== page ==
Pulmonary disease often results from a failure of the many defence mechanisms that usually protect the lung in a healthy individual. These can be divided into physical and physiological mechanisms and humoral and cellular mechanisms.
Physical and physiological mechanisms
HUMIDIFICATION-prevents dehydration of the epithelium. PARTICLE REMOVAL-over 90% of particles greater than 10 J.Lm in diameter are removed in the nostril or nasopharynx. Of the remainder, 5-10 J.Lm particles become impacted in the carina and 1-2 J.Lm particles are deposited in the distal lungs. Most pollen grain (>20 J.Lm) particles are deposited in the nose and conjunctiva.
PARTICLE EXPULSION-by coughing, sneezing or gagging.
RESPIRATORY TRACT SECRETIONS.
The mucus of the respiratory tract is a gelatinous substance consisting chiefly of acid and neutral polysaccharides. The mucus consists of a 5 J.Lm thick gel that is relatively impermeable to water. This floats on a liquid or sol layer that is present around the cilia of the epithelial cells. The gel layer is secreted from goblet cells and mucous glands as distinct globules that coalesce increasingly in the central airways to form a more or less continuous mucus blanket. Under normal conditions the tips of the cilia are in contact with the undersurface of the gel phase and coordinate their movement to push the mucus blanket upwards. Whilst it may only take 30-60 min for mucus to be cleared from the large bronchi, there may be a delay of several days before clearance is achieved from respiratory bronchioles. One of the major long-term effects of cigarette smoking is a reduction in mucociliary transport. This contributes to recurrent infection and in the larger airways it prolongs contact with carcinogens. Congenital defects in mucociliary transport occur. In the ‘immotile cilia’ syndrome there is an absence of the dynein arms in the cilia themselves, and in cystic fibrosis an abnormal mucus is associated with ciliary dyskinesia. Both diseases are characterized by recurrent infections and eventually with the development of bronchiectasis.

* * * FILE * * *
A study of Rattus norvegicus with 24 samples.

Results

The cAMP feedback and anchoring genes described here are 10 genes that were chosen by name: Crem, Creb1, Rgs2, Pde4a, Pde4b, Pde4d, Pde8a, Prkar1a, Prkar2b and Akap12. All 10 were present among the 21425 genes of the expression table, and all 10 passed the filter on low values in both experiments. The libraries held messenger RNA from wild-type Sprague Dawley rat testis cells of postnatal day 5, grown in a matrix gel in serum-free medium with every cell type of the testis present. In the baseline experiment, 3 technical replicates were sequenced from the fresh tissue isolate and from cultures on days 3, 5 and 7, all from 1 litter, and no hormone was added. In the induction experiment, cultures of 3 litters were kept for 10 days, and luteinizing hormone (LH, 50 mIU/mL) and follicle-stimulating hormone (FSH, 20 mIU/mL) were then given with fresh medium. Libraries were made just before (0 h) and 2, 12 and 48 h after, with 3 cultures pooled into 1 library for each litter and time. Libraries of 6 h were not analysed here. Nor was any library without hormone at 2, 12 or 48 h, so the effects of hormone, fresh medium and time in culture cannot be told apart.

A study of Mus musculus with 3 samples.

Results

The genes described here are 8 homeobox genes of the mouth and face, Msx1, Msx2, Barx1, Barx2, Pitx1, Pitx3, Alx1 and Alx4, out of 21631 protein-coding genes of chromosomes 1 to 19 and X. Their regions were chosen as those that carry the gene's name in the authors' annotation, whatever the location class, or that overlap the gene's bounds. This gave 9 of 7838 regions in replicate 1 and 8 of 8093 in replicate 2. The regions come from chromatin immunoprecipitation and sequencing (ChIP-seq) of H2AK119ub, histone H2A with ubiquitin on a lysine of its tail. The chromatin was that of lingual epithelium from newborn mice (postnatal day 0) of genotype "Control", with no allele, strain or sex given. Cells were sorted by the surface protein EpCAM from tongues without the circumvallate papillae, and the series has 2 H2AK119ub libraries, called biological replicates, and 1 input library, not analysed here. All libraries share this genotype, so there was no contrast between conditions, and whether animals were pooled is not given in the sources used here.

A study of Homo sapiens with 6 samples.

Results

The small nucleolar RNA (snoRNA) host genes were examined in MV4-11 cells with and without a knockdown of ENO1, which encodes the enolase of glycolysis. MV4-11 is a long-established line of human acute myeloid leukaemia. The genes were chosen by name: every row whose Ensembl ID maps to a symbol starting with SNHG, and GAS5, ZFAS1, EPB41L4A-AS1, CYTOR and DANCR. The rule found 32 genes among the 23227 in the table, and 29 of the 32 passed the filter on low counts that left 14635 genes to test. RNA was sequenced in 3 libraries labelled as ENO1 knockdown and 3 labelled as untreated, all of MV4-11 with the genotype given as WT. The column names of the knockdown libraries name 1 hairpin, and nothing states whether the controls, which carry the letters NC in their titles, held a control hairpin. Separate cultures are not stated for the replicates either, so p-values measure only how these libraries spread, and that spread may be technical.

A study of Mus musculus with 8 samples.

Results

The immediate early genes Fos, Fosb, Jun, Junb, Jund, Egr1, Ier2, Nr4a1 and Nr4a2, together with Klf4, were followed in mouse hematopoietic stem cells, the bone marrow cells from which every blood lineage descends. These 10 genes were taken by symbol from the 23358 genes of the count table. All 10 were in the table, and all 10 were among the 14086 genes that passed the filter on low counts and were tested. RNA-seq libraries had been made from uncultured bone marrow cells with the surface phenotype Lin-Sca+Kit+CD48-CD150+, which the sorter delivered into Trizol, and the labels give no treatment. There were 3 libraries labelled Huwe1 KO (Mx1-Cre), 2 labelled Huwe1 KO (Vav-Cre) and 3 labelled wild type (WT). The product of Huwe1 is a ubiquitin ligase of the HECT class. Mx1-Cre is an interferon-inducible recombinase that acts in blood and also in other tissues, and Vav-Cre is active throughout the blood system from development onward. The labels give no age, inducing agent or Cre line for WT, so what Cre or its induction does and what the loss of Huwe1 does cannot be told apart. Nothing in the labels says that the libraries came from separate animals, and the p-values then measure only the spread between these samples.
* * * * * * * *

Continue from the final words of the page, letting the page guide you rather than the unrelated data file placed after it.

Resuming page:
Humoral and cellular mechanisms
Non-specific soluble factors
ai-ANTITRYPSIN is present in lung secretions. It inhibits chymotrypsin and trypsin and neutralizes proteases and elastase.
LYSOZYME is an enzyme found in granulocytes that has bacteriocidal properties.
LACTOFERRIN is synthesized from epithelial cells and neutrophil granulocytes and has bacteriocidal properties.
INTERFERON (see p. 139) is produced by most cells in response to viral infection. It is a potent suppressor of lymphocyte function and lowers the threshold for mast cell histamine release. It renders other cells resistant to infection by any other virus.
COMPLEMENT is present in secretions. In association with antibodies, it plays an important cytotoxic role. Pulmonary alveolar macrophages
These are derived from precursors in the bone marrow and migrate to the lungs via the bloodstream. They phagocytose particles, including bacteria, and are removed by the mucociliary escalator, lymphatics and bloodstream. They are the dominant cell in the airways and at the level of the alveoli and comprise 90% of all cells obtained by bronchoalveolar lavage. Macrophages (see p. 133) process antigens and playa part in both cellular and humoral immunity.
The bronchus-associated lymphoid tissue (BALT) consistsof lymphocytes present either in aggregates (tonsils and adenoids) or scattered. It forms an important immunological defence mechanism. Lymphocytes become sensitized to antigens, resulting in local production of secretory IgA. IgG and IgE are also present in secretions derived from B lymphocytes in the lamina propria.